The Northern Tuli Game Reserve, on the confluence of the Limpopo and the Shashe rivers, in the easternmost corner of Botswana, is the collective name for several privately-owned game reserves including the Mashatu, Ntani and Tuli Game Reserves, covering all the land north of the Limpopo River.
This is an area of outstanding natural beauty with majestic rocks, strange vegetation, abundant wildlife, a profusion of birds and a rich archaeological heritage.AccommodationAccommodation in Tuli Game Reserve
is available in the form luxury safari lodges.
The whole area consisting of game reserves, hunting and conservation concessions covers up to 300,000 ha and is the largest privately-owned game conservation area in southern Africa. Mashatu Lodge has the largest elephant population on private land. Wildlife
Much of the area is unfenced, allowing the animals to roam freely between the Motloutse and Limpopo rivers. Apart form elephants visitors can follow the spoor of lions, leopards, elephants, giraffes, spotted hyenas, bat eared foxes, aardwolves, cheetahs, kudu, Burchell's zebras, bushbuck and baboons.
Spotlight-assisted night drives may reveal porcupines, aardvarks, spotted genets and civets, in addition to the larger carnivores. Other antelopes are eland, impala and steenbok. One of the area's attractions is the game viewing walks and night drives on offer.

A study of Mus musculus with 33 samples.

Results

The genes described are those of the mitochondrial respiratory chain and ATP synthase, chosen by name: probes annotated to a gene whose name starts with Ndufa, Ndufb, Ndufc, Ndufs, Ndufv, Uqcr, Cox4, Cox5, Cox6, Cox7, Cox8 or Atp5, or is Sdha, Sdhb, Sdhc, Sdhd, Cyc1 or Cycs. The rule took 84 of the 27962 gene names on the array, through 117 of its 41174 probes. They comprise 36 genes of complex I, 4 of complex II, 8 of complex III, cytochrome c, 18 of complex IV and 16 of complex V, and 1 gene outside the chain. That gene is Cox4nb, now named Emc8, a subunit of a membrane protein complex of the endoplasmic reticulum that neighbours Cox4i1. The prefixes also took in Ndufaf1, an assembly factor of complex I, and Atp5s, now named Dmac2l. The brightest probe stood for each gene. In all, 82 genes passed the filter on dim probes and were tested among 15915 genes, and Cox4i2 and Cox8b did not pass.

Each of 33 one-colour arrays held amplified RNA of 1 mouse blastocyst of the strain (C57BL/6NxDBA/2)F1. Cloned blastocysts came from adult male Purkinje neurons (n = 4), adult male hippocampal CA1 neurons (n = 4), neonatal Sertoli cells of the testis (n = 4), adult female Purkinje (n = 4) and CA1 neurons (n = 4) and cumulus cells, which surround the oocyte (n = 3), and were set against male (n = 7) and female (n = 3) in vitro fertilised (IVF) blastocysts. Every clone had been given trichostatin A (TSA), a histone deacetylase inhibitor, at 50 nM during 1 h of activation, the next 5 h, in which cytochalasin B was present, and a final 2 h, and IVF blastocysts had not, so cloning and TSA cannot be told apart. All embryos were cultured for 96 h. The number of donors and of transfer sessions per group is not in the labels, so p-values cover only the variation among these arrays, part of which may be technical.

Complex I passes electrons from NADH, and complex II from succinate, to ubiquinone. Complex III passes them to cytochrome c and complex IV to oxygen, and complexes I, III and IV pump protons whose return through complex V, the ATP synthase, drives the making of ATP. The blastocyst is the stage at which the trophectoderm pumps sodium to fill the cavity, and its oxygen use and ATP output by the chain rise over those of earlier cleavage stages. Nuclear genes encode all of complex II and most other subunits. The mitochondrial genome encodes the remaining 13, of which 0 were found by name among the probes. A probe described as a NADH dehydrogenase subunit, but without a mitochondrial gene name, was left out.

Mountain biking within the reserve has become a popular adventure sport to combine game viewing with the excitement of approaching wild animals in the natural habitat. Armed game rangers oversee such excursions and add to the experience through their extensive knowledge of the bush.
Tuli is one of the best places in southern Africa for ornithologists. Over 350 species of birds have been identified in the area, including rock thrushes, boulder chats, shrikes and cormorants. Different kinds of kingfishers dart into the streams and rivers, while waders stand in the shallows. How to get there
Accessibility by road is difficult and the best options for the traveller by land are by tarred roads from South Africa, or by air to the newly surfaced Limpopo Valley Airfield.
From Johannesburg follow the N1 to Polokwane then the R521 to Alldays. At Alldays take a right turn signed to Pont Drift - where vehicles can be left at the border post.